The season of winter dreaming is upon us, those who show heavily. Where we bundle up in ten layers to go feed, then sit inside and look up horse shows and make big dreams for 2016. I’m here to tell you… GET OFF THE COUCH!

My show calendar for 2016 is already full of dreams. Between shows in two disciplines, clients, 4-H and judging I have maybe 4 weekends free from now until October. These shows creep up on us in the dark winter and as a judge, I cringe in March in Virginia when the ice has just started to melt and horses who have clearly sat in a field since finals in November are being asked to do 3′. They are beautiful, but lack the muscles to support the task, and owners are putting their horses at risk (often unknowingly) to performance injuries. Protective equipment can protect from an outside injury but if there is no muscle or tendon to support it underneath, the bowed tendons, pulled muscles, soreness and other issues can show up in the spring mud in the show ring!


If you show- even in just walk-trot pleasure- our horses are athletes, and they deserve to be treated like it. While we walk around the house in our Nike socks and Under Armour hoodies rocking “athletic wear”, we often don’t feed and train our body like the athlete we see in our mind (Guilty here!). The same goes for our horses. We put them in the therapeutic sheet or faithfully strap on XC boots but are we giving them their best shot?

We need to train ourselves and our horses as best we can through the winter. Yes, winter kills our plans but doing right by our horses is our best management practice. Here are some tips to prepare for the upcoming show season that you can start doing right now:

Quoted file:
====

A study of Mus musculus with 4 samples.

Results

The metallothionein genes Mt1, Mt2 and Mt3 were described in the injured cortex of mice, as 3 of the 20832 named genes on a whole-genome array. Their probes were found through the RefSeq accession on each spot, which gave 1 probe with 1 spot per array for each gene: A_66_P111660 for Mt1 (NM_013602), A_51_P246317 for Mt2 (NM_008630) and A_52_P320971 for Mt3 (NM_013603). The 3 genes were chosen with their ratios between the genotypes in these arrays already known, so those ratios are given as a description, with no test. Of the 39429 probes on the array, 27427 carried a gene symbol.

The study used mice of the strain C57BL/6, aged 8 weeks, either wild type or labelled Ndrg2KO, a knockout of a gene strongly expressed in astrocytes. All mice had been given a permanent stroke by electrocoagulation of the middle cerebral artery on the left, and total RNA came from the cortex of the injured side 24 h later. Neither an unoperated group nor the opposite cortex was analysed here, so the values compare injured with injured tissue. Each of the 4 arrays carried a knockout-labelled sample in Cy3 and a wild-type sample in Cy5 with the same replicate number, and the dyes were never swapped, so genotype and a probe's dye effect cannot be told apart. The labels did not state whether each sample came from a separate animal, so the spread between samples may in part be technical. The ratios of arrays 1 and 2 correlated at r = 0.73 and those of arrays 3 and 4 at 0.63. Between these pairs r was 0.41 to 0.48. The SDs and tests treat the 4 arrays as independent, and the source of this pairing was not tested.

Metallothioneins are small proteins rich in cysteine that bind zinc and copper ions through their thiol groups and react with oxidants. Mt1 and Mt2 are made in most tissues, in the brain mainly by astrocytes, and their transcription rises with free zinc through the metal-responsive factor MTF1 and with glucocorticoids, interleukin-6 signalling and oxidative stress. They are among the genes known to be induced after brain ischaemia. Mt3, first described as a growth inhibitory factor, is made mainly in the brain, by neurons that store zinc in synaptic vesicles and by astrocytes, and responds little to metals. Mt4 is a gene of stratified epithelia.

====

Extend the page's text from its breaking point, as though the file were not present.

1. Make a Plan – Use a calendar to break down your goals. Samuel needs to be 6K XC fit by  June. So he has a calendar based on his progression markers from previous conditioning sessions. We don’t always work out 4 times a week (we are about to get a ton of snow!) but we can move these goals to get ourselves prepared and not cause injury.

2. Tone Not Bulk – When I started working out more after my surgery, my physical therapist taught me the difference between tone and bulk. Doing 50 reps with the 3 pound weight doesn’t look like much but it develops the lean muscle. Doing my normal 15 lbs and just doing 10-20 builds big muscle. The lean muscles that made me toned helped to establish my core. Same with horses. It’s cold, frozen, muddy or otherwise not summer, then maybe don’t put the jumps up so high. Jump lower but fix your accuracy, timing, distance. There are so many things to be said about taking things back to the basics if that’s all the weather will permit you to do! Samuel will often do his 3-4k a the walk, because it’s too slick to trot and move him out. But he’s still moving, and we are still fixing problems.

3. Stick to the Plan – Ok, guilty here… It’s cold out, and my student is out here grooming in her coveralls and then jumps out of them and into the saddle. Meanwhile I was inhaling hot tea trying to convince myself to buck up! It wasn’t THAT cold, but I was not being focused on horses. Why should I have ridden? Because less than 3 days later, we are going from 60 degree January to 2′ snow and sleet. I’ve not just lost a week to snow but now one and a half weeks because I was lazy. Mother Nature is a tricky lady!

4. Be Realistic – When winter ends and those first shows pop up, be realistic with yourself and your horse, for their safety. Can you jump that height? Yep! Have you been doing it consistently all winter? Nope… Then maybe let’s enter the season a little lower in height, or if due to competition rules you must show no lower than a certain height, then maybe skip show #1 and get fit to make a statement at show #2. Your horse is your baby, your best friend and your love. There is nothing more soul crushing than being sidelined for a whole season and nothing worse than knowing it was because you blew into show season too high, too early, too big, too soon.